Senior Smiles

Senior Smiles

Tooth wisdom throughout the years

Cavities don’t stop with childhood. Maintaining a good oral health care routine, with regular visits to the dentist, are important in keeping a healthy smile as we age. Here are some things to keep in mind:

  • Tooth decay is still common among older adults. Nearly one-fifth of adults 65 years and older have untreated tooth decay. 1 It’s important to brush twice a day with fluoride toothpaste, particularly at bedtime.
  • More than 400 medications—and some medical conditions—can cause dry mouth, which prevents saliva from protecting your mouth against bacteria and decay. Drinking water, chewing sugarless gum and sucking on sugarless candy can help restore moisture. A dentist may also recommend mouth rinses or artificial saliva.2
  • Limit sugar intake, such as consuming soda pop. Those who drink one or two cans of soda pop a day have a 26 percent greater risk of developing Type 2 diabetes. 3
  • The risk of gum disease (periodontitis) is greater among older adults; in fact, about  68 percent of adults 65 years and older have gum disease.1 Symptoms may include bleeding, tender or swollen gums, loose teeth and bad breath.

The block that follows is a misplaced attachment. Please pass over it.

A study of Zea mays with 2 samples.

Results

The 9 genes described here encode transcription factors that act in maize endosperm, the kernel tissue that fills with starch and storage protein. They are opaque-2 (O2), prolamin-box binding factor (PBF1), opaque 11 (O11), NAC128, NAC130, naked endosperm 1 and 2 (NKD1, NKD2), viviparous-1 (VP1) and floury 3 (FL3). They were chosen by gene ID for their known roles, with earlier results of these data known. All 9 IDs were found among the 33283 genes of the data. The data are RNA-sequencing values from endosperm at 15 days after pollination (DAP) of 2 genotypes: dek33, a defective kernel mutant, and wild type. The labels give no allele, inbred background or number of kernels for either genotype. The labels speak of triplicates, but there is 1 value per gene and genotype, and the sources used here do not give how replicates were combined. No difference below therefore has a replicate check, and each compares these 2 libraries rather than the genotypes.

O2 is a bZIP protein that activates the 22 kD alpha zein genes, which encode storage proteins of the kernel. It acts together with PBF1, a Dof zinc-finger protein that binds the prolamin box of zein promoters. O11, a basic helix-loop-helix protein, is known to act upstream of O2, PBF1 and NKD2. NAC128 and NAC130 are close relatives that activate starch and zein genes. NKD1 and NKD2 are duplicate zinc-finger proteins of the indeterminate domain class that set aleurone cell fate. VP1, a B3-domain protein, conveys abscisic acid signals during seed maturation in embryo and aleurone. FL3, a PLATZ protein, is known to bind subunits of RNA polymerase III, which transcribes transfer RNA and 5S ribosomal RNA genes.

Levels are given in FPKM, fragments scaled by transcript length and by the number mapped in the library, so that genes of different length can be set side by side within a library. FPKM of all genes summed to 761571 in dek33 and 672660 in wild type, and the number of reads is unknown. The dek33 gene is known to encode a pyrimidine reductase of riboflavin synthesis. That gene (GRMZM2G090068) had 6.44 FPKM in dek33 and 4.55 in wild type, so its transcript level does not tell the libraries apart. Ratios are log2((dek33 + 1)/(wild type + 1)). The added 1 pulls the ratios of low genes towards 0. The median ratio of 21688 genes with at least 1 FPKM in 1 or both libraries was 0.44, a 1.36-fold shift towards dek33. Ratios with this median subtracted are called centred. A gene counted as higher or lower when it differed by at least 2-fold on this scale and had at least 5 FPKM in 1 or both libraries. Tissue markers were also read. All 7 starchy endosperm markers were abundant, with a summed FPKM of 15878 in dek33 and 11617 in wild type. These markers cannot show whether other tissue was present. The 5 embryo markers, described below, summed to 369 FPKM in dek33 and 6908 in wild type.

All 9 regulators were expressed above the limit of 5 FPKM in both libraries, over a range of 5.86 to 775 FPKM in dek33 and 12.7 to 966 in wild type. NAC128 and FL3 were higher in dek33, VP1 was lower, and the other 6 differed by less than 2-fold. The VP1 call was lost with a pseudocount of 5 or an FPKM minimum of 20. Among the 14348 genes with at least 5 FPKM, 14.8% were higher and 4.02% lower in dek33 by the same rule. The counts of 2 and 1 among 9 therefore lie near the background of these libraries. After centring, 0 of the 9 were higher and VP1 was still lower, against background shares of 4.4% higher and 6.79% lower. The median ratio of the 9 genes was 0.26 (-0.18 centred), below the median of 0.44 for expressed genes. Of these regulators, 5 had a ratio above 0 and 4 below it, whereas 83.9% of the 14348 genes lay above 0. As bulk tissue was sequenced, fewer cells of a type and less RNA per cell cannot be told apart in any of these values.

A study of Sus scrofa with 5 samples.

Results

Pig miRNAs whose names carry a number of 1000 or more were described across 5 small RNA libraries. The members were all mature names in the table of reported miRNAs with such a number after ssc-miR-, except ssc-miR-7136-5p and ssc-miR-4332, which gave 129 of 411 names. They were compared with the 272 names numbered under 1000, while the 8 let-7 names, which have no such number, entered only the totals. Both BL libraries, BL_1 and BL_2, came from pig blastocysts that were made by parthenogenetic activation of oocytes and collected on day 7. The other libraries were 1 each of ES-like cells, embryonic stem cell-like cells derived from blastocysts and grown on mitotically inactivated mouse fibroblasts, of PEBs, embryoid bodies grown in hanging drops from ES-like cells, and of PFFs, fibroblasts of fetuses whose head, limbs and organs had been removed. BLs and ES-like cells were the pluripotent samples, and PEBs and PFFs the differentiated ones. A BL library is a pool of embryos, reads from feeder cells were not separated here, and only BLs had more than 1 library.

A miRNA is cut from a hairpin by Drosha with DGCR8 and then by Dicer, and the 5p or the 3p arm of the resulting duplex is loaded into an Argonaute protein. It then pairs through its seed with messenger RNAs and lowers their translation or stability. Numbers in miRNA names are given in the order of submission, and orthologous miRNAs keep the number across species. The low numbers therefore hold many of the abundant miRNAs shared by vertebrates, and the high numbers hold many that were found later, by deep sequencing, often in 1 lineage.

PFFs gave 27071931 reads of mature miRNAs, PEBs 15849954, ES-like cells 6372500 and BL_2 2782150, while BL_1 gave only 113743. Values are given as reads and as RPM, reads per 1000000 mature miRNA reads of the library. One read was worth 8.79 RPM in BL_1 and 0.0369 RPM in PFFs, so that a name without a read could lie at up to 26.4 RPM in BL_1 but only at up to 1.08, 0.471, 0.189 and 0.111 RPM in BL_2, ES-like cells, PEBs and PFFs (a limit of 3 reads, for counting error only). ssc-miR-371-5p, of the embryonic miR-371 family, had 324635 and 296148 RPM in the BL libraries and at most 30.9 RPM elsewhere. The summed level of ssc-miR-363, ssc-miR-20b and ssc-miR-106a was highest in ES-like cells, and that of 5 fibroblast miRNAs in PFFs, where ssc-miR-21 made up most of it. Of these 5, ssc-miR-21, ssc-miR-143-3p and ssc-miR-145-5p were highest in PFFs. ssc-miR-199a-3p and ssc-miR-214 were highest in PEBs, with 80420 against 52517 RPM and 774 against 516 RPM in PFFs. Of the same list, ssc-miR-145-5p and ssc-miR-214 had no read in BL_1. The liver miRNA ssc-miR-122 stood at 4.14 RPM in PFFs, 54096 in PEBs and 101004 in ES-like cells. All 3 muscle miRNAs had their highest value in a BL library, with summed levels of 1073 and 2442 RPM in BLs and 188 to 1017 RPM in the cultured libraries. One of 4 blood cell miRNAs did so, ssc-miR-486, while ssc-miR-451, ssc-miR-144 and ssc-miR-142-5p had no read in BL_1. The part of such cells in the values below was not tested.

• Regular flossing, combined with daily brushing, can help minimize or prevent gum disease. Receding gums can result in the root of the tooth being exposed and susceptible to decay. Using fluoride toothpaste and mouth rinses can help prevent or reduce cavities on root surfaces.
  • The use of tobacco and alcohol can cause tooth-related problems, mask gum inflammation, and increase the risk of developing oral cancer. It’s never too late to quit and reduce these risks
  • Visit your dentist on a regular basis, even if you have dentures.
  • If you have dentures, brush them daily with a soft toothbrush or denture cleaning brush, with denture powder or paste, hand soap or baking soda. Then rinse with cool water. Remaining natural teeth and gums should also be brushed. When not in use, keep dentures covered with water or a denture cleaning solution to prevent drying.

This information is available to download as an oral health flier.

1 Centers for Disease Control and Prevention, “Facts About Older Adult Oral Health,” web.
2 U.S. Department of Health and Human Services, “Oral Health for Older Americans,” web.
3. Harvard, School of Public Health, “Sugary Drinks and Obesity Fact Sheet,” web.